Wednesday, February 18, 2015

Analysis of Tactics Just by Piece Placement

Petrosian - Botvinnik, Moscow 1963 - White to move
Please study this position for at least a few minutes before reading on.

We had eleven players Monday for open chess. It was a very nice group size, considering the bitter cold outside. But the chess action was warm and friendly inside!

Our Club Championship returns next week, Monday at 7pm. Club opens at 6pm for warm-up games. Also, if you are not in the tournament, don’t fret. There will be players open for a casual game too!

So come on by and check out the chess action.

Now on to the position to study.

This position came out of an English Opening that transposed into a Leningrad Dutch - which just happened to be one of GM Mikhail Botvinnik’s favorite openings. But this time - not so much!

Except for his g7 bishop, Black’s pieces are not in good spots. His Queen is stuck on the back rank. The white squared bishop is back ranked also and hemmed in, and his rooks are disconnected.

Alarm bells went off in the great GM Tigran Petrosian’s head. Good chess thinking involves looking for problems not only in your own camp, but in your opponent’s. After all, your camp may be a shambles, but if you can take advantage of a small problem your opponent has IMMEDIATELY, then you don’t have to clean up your camp because you are moving forward to victory.

But as an added bonus, in this example, White’s camp has few problems. The King is safe. White’s black squared bishop has great scope. The rooks are on good files, and are connected and working in unison. The White Queen is pestering pawns and owns almost the entire queen side.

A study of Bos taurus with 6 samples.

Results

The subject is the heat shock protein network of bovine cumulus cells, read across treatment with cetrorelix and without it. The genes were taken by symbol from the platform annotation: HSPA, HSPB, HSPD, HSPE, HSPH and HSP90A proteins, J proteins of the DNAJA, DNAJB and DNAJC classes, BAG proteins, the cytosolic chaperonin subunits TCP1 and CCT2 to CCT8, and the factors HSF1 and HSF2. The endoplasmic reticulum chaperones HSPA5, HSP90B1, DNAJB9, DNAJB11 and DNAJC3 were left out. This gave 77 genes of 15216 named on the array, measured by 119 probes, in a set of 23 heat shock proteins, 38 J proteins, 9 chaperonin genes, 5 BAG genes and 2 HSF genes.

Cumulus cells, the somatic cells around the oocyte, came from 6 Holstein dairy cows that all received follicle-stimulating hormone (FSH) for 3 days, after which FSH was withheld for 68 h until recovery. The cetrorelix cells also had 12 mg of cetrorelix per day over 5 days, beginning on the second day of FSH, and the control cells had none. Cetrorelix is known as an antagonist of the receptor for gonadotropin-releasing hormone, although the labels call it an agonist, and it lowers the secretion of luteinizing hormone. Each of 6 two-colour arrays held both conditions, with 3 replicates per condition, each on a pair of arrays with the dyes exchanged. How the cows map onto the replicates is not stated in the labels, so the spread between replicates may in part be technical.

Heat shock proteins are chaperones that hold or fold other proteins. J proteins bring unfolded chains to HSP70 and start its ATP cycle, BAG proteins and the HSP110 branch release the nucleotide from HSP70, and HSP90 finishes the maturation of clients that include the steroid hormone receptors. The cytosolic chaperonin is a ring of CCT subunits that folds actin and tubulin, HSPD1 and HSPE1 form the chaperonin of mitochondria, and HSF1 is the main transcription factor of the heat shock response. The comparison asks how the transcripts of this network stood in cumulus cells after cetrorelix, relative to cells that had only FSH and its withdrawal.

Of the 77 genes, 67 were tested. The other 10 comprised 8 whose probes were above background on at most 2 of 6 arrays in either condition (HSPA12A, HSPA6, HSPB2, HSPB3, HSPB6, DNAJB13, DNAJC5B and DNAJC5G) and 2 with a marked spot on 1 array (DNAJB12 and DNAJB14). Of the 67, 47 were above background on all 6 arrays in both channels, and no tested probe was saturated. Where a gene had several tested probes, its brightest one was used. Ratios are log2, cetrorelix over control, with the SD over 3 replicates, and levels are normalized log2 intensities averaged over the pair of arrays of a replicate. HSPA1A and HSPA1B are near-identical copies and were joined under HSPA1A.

White is ready to pounce. But where? Very few opponents will resign to you just because your pieces look pretty. You have to turn your positional advantage into real pain.

If you have studied the position as requested, you may say “This doesn’t look too hard. We have a choice between two pawns to capture; a7 and d5.”

Well both captures could lead to complications. 1. Bxd5 Rxe2 doesn’t win anything.

Rxd5, Bc6 allows Black to trade white-squared bishops with 2. Rd3, Bxf3 etc., and frees his position greatly.

Qxa7, Bb5 threatens to trap the queen as well as capture the e2 pawn.

This is not to say a pawn capture here is necessarily bad, but there is more here than a pawn capture.

Notice that White’s c1 rook is x-raying the queen. Can we clear a path to Her Majesty?

Notice that the black rooks are asking to be skewered by a bishop or queen on the a3-f8 diagonal. Can we oblige them?

These are the types of positional gems the strong players look for and the weaker players overlook in their opponent’s position, and/or create in their own camps.

Now that we are looking at these weaknesses too, do you see Petrosian’s beautiful move played over 50 years ago?

Answer to be in the Comment section soon. Thanks to GM Gabriel Schwartzman - Chess Life 2003

1 comment:

  1. All the great chess minds reading this blog and the writer has to answer the post? Oh well, the writer's job is never done! Petrosian won after Bd6! After cxd6, then cxd6 Black loses a rook since he has to move his queen.